Bidding farewell to Venice is a hard thing to do, so I will start this entry with some lost and found shots of La Serenissima:
Now that that is out of the way, let’s go pick up the car, shall we? As most things in Venice, this journey starts by water. We barely made it to the Orto – Venice airport boat from Alilaguna. We checked all parts of the apartment as we scrambled our things together and gave the apartment one last look. Then we locked the door and hurried through the small streets and down the canals towards Orto thinking that we would miss the boat. About 20 meters from the pier, my shoes gave up. They were leather flip-flops and perhaps the pace of the past week was too much for them to handle. Oh well.
We came right on time and packed with all our bags and purchases we arrived at Venice Airport within 20min. There we started our 15 minute walk to the airport where we waited quite a long time. The line was short, only two Russian women in front of us travelling together (lots of tourists in Venice, and as it turns out, other Italian cities were Russian), but they had some kind of problem with their rental. One of them wanted every little detail clarified, which took a long time, while the other was beginning to get about as bored and anxious as ourselves. Eventually we got our turn, done all the paperwork and were heading to the parking lot to pick up our car. That’s where we met Marco, a friendly non-English speaking guy whose job it was to make sure we got the right car (we would see him 2 weeks later when returning the car, though he did not remember us by then). After about 10min wait the car arrived. Aside from it being a super cute and super fun cabrio, which already ranks very highly, it was in immaculate condition! It was fresh from the car wash and was spotless inside and out. I have never seen a rental car so clean in Toronto. It looked like new.
Here is where the fun began. My partner was the one driving and a small detail here is that he never drove a standard transmission car. It took at least 5 attempts to move the car off from the spot we picked it up at. Marco did not look particularly amused, but just a tad bored. I guess he sees this sort of thing every once in a while. After about two hours of slowly circling the parking lot, we decided to try to go reverse. The shifter however did not want to move to the R position. After gathering more courage, we carefully drove back to Marco and asked how to do reverse. Turns out there is a little ring on the shifter that you have to lift in order for it to go into reverse. Thinking that this about covers it, we headed out.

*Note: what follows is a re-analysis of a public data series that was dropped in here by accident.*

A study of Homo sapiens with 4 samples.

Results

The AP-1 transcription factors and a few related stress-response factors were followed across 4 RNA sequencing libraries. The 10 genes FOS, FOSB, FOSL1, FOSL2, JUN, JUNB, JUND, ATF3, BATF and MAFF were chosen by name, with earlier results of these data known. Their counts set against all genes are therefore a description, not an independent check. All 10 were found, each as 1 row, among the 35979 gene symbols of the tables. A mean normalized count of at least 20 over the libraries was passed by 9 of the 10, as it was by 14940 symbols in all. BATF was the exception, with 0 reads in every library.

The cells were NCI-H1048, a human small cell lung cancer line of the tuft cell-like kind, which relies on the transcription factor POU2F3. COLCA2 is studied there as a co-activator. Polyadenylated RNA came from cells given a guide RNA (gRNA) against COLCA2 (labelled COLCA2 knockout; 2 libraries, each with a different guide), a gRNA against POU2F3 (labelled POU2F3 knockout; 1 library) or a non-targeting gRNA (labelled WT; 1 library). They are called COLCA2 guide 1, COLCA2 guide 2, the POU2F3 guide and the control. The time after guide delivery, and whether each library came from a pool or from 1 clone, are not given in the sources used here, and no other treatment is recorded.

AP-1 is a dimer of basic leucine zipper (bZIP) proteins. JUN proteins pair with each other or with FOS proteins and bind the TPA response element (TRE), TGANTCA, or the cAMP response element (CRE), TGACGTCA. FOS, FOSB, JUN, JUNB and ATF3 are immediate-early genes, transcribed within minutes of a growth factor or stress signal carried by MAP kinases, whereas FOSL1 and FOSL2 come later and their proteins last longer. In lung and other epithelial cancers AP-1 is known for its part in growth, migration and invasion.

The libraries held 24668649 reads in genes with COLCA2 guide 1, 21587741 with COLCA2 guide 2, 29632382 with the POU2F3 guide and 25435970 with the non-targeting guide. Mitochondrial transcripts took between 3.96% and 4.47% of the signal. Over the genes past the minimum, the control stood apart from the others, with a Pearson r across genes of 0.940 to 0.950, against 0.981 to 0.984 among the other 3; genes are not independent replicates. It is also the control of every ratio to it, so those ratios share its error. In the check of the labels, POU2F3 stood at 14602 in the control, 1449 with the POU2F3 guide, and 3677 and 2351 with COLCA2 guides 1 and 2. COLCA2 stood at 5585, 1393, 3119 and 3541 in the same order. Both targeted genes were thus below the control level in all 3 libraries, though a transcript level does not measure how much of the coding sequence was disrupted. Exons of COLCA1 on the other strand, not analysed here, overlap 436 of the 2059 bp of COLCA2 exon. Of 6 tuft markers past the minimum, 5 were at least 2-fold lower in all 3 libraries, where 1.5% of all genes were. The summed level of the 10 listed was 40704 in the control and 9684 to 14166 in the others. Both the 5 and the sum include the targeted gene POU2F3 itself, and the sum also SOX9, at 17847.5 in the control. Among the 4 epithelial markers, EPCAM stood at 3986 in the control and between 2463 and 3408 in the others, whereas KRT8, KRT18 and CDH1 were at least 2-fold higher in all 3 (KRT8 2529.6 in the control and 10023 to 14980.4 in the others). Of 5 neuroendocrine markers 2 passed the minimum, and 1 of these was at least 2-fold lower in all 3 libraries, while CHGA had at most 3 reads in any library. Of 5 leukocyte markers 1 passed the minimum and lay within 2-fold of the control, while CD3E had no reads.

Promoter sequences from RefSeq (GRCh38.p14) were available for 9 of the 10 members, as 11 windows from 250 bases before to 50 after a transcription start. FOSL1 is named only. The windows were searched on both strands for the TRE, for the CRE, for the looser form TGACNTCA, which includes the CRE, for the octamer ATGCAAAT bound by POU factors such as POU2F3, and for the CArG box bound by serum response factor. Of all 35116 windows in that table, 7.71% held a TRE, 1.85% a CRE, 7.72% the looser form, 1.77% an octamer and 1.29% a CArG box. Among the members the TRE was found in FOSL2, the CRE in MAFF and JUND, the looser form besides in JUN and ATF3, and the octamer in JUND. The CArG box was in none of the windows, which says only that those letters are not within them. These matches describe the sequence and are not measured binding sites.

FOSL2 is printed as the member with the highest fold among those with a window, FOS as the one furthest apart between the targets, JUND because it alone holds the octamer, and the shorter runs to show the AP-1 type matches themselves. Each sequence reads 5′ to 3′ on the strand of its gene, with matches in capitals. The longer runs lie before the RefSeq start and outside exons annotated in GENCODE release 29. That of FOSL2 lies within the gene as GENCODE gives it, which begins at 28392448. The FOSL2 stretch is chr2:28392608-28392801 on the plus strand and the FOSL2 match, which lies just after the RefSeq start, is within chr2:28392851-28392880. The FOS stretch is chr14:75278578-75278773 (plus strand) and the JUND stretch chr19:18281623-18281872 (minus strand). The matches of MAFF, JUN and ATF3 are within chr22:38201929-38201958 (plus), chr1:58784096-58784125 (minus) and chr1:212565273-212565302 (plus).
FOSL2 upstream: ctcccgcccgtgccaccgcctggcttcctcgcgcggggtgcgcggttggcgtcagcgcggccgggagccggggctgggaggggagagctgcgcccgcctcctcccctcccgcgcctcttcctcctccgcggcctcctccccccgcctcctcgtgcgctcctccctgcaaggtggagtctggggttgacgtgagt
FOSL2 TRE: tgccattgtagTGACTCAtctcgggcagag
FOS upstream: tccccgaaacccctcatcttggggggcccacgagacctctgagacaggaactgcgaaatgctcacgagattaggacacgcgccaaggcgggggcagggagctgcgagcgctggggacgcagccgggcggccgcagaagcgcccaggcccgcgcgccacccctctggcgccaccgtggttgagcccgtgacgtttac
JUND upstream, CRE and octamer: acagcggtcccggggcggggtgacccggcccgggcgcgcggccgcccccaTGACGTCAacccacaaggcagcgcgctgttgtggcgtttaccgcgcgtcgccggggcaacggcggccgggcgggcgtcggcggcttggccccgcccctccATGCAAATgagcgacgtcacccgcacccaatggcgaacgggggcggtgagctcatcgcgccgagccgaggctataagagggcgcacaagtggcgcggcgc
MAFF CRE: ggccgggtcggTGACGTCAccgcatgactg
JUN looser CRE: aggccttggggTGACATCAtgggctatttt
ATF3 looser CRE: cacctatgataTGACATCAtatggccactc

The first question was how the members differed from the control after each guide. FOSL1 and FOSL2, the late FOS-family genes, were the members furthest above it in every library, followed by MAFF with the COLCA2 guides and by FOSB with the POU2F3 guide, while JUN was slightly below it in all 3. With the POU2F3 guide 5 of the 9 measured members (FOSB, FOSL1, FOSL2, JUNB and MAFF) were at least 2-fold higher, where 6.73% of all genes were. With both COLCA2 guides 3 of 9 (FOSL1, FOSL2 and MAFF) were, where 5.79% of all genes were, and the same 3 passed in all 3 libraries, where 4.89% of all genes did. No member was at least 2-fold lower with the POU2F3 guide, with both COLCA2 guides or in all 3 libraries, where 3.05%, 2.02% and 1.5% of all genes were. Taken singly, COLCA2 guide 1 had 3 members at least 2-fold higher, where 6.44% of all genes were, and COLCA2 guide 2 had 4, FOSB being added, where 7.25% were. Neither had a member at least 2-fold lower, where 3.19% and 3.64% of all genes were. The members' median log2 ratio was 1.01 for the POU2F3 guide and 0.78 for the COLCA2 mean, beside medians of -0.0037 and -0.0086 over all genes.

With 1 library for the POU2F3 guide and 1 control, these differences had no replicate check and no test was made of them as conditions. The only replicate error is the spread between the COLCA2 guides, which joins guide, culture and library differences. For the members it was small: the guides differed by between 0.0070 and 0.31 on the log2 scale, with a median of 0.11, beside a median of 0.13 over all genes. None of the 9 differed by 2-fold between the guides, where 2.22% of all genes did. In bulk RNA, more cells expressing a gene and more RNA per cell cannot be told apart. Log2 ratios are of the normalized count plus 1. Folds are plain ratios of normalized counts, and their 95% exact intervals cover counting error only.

Our next destination was Sirmione on lake Garda, but we did not go there right away, first driving in random directions on the smaller roads to get a better feel for how it all works with traffic around us. We did stall quite a few times when starting up from red lights or stop signs. Oh well.
The country roads were very beautiful though. From almost every point you could see mountains near the horizon, the air was fresh, the sun was high, it was bliss, especially with the top down.
Speaking of roads, they are quite different from those in Canada. First of all, they are generally more narrow. Secondly, there are very few stop signs on country roads, instead every intersection is a roundabout. This seems to help move traffic along much more effectively, since often you don’t end up stopping at all. And the last thing that really stood out, was the motorcyclists. They are more ubiquitous, move generally much faster than cars, and share lanes, pass more aggressively. Not that it’s a bad thing – drivers seem to expect it, so they move to the right letting motorcycles pass safely and everyone just moves along. Aside from the occasional tourist failing to properly start after stopping at a red light, everyone in general acts to keep the traffic moving and not cause unnecessary delays.
Eventually we made it Sirmione. If you look at the map, it’s located right at the tip of a narrow peninsula, surrounded by water on three sides. Zoom out a little to check out the larger scale, anatomical shape of the lake.
What we saw once we got there looked somewhat like this:
The thought that bothered me was this: how can all these people just walk around and not look at this beautiful shore and the mountains and everything? They just looked at their gelato, at the pigeons, at the shops… Such missed opportunities to enjoy the breathtaking views! Oh well.
Now comes the most challenging part of the day. Our hotel was located inside the old town of Sirmione, and what that means is that you have to go over a small bridge and then around narrow streets built in 13th or 14th century to get to it. We naively thought we should just drive up there. With the roads being very narrow, often going at odd angles up and down, people walking all around with little regard for the cars – sometimes it was nerve wrecking. And then it turns out that we only drove there to unload our stuff and parking is actually outside the old town. Naturally.
After taking care of the car, we took a stroll around the lake, stopping for a much needed lunch.